HEALTHY LIVING

Cognitive Activity Could Hinder Concussion Recovery, Study Suggests

01/07/2014 08:49 am 08:49:14 | Updated Jan 23, 2014
Blend Images - JGI/Jamie Grill via Getty Images

Hey kids, there may be one circumstance where doing your homework could actually be bad for your health.

A new study from Boston Children's Hospital shows that cognitive rest after a concussion can speed recovery time. In other words, not going full throttle into activities like reading, homework, texting and video games after a concussion could help kids get back to normal faster.

"We believe this is the first study showing the independent, beneficial effect of limiting cognitive activity on recovery from concussion," study researcher Dr. William Meehan, M.D., from Boston Children's Division of Sports Medicine, said in a statement. "Previously, the lack of such data has led to varied practice with regards to implementing cognitive rest, making it even controversial."

The study, published in the journal Pediatrics, included 335 people with an average age of 15, who had visited the Boston Children's Hospital Sports Concussion Clinic within three weeks of having a concussion, between October 2009 and July 2011. Researchers kept track of their concussion symptoms and their cognitive activity levels during each visit to the clinic; the cognitive activity levels were divided into quartiles.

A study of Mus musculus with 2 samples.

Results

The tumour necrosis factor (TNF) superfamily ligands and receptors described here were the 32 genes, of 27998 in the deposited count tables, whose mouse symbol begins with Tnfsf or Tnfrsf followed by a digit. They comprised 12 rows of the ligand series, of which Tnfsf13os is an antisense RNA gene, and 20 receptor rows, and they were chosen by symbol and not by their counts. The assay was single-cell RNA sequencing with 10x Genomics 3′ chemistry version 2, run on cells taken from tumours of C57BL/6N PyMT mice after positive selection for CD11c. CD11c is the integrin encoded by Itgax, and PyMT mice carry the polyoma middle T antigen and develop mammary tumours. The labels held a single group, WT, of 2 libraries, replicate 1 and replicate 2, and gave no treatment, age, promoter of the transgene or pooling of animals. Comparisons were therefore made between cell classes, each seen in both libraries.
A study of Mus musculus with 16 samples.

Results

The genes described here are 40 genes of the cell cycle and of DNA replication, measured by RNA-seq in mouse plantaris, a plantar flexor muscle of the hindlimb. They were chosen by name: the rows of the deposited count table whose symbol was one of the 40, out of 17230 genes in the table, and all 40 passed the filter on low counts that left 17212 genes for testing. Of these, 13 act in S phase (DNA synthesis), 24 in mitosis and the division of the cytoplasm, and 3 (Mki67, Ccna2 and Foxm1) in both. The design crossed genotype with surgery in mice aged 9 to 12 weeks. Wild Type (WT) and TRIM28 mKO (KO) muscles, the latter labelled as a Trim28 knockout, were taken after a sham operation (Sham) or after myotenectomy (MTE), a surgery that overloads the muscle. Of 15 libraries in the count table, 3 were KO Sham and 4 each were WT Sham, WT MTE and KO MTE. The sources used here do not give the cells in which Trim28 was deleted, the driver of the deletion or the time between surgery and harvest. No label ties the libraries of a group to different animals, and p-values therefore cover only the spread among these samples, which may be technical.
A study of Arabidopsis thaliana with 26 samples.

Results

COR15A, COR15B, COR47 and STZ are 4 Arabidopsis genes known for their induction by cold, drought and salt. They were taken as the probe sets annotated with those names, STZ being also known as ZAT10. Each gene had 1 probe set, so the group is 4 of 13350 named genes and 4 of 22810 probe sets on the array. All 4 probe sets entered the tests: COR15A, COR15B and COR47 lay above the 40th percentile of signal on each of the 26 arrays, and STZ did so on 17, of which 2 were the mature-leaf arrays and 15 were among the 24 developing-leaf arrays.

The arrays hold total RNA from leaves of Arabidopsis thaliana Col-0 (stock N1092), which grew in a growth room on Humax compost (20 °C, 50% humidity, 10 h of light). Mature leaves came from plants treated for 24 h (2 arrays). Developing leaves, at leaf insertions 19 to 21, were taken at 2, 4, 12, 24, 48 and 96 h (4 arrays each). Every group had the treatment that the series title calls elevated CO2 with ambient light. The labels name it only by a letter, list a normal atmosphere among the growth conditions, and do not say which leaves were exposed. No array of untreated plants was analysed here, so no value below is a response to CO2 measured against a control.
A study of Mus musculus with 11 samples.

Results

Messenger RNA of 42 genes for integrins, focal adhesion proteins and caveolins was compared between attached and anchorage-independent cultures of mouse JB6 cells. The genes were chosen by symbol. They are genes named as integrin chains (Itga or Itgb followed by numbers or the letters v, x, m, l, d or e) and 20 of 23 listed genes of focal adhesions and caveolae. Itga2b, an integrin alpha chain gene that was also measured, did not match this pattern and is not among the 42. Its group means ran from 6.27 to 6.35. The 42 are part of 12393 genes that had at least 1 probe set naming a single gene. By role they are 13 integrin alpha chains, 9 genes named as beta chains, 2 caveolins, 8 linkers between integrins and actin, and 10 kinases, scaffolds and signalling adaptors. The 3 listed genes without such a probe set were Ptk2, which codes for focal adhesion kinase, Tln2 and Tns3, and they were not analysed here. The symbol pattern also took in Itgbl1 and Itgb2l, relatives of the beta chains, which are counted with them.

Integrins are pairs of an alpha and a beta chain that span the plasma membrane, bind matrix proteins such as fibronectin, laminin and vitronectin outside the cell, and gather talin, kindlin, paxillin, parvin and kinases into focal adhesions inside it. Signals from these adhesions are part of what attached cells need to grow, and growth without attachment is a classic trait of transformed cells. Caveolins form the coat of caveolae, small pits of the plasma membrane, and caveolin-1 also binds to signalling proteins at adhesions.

They found that kids who were in the three lowest quartiles of cognitive activity -- meaning no to moderate cognitive activity -- took about the same length of time to recover from concussion. No cognitive activity involved not doing any reading or homework, spending fewer than 20 minutes online or playing video games a day, and sending fewer than five text messages each day. Moderate cognitive activity involved reading fewer than 10 pages a day, spending less than an hour doing homework and being online or playing video games each day, and sending fewer than 20 text messages each day.

Meanwhile, the kids with the highest level of cognitive activity took the longest amount of time to recover.

Specifically, NBC News pointed out that nearly half of the kids in the study who didn't reduce cognitive activity took 100 days or more to recover from their concussion, while nearly all the kids who rested the most recovered within 100 days.

While the findings do suggest it's beneficial for kids to take a mental break after a concussion, they may not need to completely abstain from cognitive activity after a concussion so long as they take it easy, researchers said.

"Our findings suggest that while vigorous cognitive exertion is detrimental to recovery, more moderate levels of cognitive exertion do not seem to prolong recovery substantially," Meehan said in the statement. "Thus, we recommend a period of near full cognitive rest acutely after injury, approximately 3-5 days, followed by a gradual return to sub-symptom levels of cognitive activity."

According to the American Academy of Pediatrics, it can take as long as three weeks for a child or teen to recover from a concussion; depending on the severity of the concussion and the symptoms, the child may need to stay home from school, or go to school with some adjustments. Therefore, a team including the doctor, family members and school officials should help determine when the best time is for a child to fully return to academics after a concussion; a symptom checklist could help determine this.